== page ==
FAIRFAX, Va. — Sen. Tim Kaine says that with President Donald Trump in office, Americans are in a “living experiment” to see whether or not the Constitution still works to check executive power.
Given the roles that sons of the commonwealth played in crafting the Constitution, perhaps it is no surprise that a Virginia senator would make the case that the relevancy of the document itself will be tested by the 45th president.
Kaine, last year’s running mate of Democratic presidential nominee Hillary Clinton against Trump, told a crowd of George Mason University students and staff gathered last Friday that the framers had among their primary objectives preventing tyranny from the executive branch.
“They were used to kings and emperors and monarchs, and they decided they wanted something very different,” Kaine said. “So the whole system was really set up largely to protect against an overreaching executive, and I have a feeling that the next four years are going to be a time of, ‘OK, after 230 years, does this thing still work?’ to achieve the goal that we wanted it to, which was to stop overreach.”
“We’re going to be a living experiment for that. It’s like we’ve taken our car in for the 230-year checkup,” Kaine said. “That’s what this is going to be here for the next couple of years.”
The crowd assembled in a conference room on the campus in Northern Virginia was decidedly diverse in terms of age, gender, ethnicity and religious background. Kaine was there to hear personal stories from students caught up in the executive order that blocked most travel from seven Muslim-majority countries.
The students addressing Kaine included Najwa Elyazgi, a GMU senior from Libya who was stuck in Istanbul after being barred from a flight back to the United States until federal judges began blocking the order’s implementation.
Kaine told reporters that the decision by the 9th U.S. Circuit Court of Appeals to keep in place the blockade of the immigration executive order emboldened Democrats to keep up the pressure on the Trump administration.
“Our folks see this as a huge win because it’s on a matter of fundamental principle: religious freedom,” the senator said. “Do we welcome immigrants or are we hostile to them?”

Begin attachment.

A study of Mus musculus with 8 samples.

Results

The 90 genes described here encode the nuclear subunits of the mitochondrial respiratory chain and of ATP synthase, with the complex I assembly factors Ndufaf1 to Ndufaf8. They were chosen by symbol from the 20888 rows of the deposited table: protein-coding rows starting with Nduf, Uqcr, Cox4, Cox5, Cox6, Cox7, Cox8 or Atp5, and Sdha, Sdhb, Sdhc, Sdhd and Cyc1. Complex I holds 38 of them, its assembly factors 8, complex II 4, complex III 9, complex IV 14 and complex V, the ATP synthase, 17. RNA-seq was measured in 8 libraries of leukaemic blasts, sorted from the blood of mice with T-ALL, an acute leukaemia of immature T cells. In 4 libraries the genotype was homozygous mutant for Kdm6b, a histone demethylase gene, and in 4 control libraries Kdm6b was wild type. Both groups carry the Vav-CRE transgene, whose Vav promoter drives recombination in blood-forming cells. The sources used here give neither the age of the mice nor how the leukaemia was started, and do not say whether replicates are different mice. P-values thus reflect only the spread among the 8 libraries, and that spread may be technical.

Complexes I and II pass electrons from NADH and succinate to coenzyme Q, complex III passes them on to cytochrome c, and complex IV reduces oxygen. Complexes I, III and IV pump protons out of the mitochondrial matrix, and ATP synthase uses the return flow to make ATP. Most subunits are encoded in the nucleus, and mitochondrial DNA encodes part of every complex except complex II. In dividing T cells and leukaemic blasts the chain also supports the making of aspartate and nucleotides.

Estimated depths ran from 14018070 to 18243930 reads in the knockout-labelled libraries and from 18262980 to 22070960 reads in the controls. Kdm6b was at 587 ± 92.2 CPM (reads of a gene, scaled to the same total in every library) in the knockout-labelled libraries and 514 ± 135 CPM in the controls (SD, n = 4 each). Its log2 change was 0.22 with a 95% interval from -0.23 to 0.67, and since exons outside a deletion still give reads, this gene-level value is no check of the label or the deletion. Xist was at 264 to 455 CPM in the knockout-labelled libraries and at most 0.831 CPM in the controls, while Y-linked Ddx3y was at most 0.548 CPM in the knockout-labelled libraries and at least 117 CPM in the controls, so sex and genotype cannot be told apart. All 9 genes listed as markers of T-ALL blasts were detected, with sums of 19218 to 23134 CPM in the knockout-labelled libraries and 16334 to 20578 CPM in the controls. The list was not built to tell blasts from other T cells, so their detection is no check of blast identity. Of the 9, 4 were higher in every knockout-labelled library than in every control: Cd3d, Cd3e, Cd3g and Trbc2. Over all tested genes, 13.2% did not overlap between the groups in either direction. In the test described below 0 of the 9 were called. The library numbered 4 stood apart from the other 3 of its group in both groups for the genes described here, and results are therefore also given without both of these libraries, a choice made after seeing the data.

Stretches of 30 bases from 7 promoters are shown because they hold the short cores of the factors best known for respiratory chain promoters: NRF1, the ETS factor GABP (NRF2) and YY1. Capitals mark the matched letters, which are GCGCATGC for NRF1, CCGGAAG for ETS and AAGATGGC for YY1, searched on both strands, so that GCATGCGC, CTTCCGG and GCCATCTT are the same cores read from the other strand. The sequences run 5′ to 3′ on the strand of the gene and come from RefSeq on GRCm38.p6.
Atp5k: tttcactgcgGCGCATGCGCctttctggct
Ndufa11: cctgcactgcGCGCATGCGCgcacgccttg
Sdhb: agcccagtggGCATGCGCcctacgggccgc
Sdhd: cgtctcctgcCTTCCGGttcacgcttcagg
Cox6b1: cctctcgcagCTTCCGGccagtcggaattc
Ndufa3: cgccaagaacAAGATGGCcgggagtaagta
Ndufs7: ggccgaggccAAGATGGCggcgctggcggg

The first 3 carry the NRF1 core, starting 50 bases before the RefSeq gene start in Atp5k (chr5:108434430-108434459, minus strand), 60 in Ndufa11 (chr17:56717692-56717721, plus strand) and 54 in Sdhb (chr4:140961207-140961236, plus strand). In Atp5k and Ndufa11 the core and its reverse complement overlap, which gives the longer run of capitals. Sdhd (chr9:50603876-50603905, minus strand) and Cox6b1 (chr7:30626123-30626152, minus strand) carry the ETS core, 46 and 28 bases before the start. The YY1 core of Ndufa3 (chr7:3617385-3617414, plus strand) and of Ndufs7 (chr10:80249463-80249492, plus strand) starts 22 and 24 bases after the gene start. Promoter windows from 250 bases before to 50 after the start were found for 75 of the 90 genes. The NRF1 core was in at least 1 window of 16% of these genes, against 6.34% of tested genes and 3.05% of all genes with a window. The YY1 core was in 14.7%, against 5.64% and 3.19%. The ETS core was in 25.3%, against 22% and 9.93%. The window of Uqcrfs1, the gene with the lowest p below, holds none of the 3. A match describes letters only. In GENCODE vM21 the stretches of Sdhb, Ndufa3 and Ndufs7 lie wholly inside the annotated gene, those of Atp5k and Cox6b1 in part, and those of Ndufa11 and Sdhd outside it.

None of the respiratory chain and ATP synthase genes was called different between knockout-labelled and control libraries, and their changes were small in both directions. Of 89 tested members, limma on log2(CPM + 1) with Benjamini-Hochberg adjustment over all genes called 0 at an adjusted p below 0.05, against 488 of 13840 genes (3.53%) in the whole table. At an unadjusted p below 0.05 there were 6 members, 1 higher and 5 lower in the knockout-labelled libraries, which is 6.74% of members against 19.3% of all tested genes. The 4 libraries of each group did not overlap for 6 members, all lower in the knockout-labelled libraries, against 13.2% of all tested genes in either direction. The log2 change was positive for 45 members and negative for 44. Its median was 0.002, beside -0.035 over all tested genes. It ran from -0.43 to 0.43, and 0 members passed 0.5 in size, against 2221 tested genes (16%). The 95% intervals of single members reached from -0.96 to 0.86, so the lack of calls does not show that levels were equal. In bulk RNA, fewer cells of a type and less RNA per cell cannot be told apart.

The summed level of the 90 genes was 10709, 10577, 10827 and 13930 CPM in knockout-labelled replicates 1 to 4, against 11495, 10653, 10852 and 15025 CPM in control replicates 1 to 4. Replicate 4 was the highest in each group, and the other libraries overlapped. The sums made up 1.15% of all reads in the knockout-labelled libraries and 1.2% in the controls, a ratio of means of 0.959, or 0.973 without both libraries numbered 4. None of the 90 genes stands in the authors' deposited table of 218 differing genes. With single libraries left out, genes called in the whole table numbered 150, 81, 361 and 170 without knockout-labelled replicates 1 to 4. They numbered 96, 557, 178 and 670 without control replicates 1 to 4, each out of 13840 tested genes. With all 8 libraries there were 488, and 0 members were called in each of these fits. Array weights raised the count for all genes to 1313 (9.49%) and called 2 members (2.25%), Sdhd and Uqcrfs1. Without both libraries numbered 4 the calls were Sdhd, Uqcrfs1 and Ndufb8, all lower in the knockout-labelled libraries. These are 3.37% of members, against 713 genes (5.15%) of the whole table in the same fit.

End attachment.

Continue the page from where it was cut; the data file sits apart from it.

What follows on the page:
“The system worked. A check against overreach,” Kaine added.
Of course, Kaine wishes it wouldn’t have been this way at all. He was last on the George Mason University campus for a rally on the eve of Election Day last November, joined by Vice President Joseph R. Biden Jr.
After last Friday’s event, Kaine conceded to reporters that he wished more people had gotten involved ahead of the election that saw Trump carry the Electoral College with room to spare despite losing the popular vote. But he said he was encouraged by people who have stepped up by contacting their members of Congress and attending rallies.
“When they see core values that are challenged by the actions of this administration, they’re going to be engaged. They’re going to say, ‘Wow, politics is kind of important. It does make a difference who’s in these offices,’” Kaine said. “I’m a little bit surprised that people didn’t see how dire some of this was in September and October.”
Kaine attributed some of that to people never really believing that Trump would govern off the platform on which he campaigned, particularly regarding immigration policy.
“Some have been surprised that he did exactly what he said he was going to do. I’m not surprised,” he said.
A cry in the wilderness
Although a loyal Democrat — he is a former chairman of the Democratic National Committee and was on President Barack Obama’s vice presidential short list in 2008 — Kaine was at times a man crying out in the wilderness during the Obama administration, making the case that Congress should consider a new authorization for use of military force against the Islamic State terrorist group and other terror threats, instead of the current one, which dates to the early days of the George W. Bush administration.
“I do not believe that this president or any president has the ability, without congressional approval, to initiate military action in Iraq or anywhere else, except in the case of an emergency posing an imminent threat to the U.S. or its citizens,” Kaine said in a June 2014 floor speech. “I also assert that the current crisis in Iraq … is not the kind of conflict where the president can or should act unilaterally.”
Although that view did not entirely line up with what Clinton had said in a Democratic primary debate in 2015, the campaign insisted they were on the same page about seeking a new authorization for war.
But Kaine’s daylight from Democrats on authorizing the use of military force might make him a more credible voice in making the case against overreach by the Trump administration, particularly in the context of foreign affairs.
“Somebody was asking me something about, ‘Are Democrats obstructionists?’ I said, ‘Hey, if you don’t like checks and balances, talk to the framers,’” Kaine said last Friday. “There is a system. We have tools under the system we have and it’s for exactly this reason.”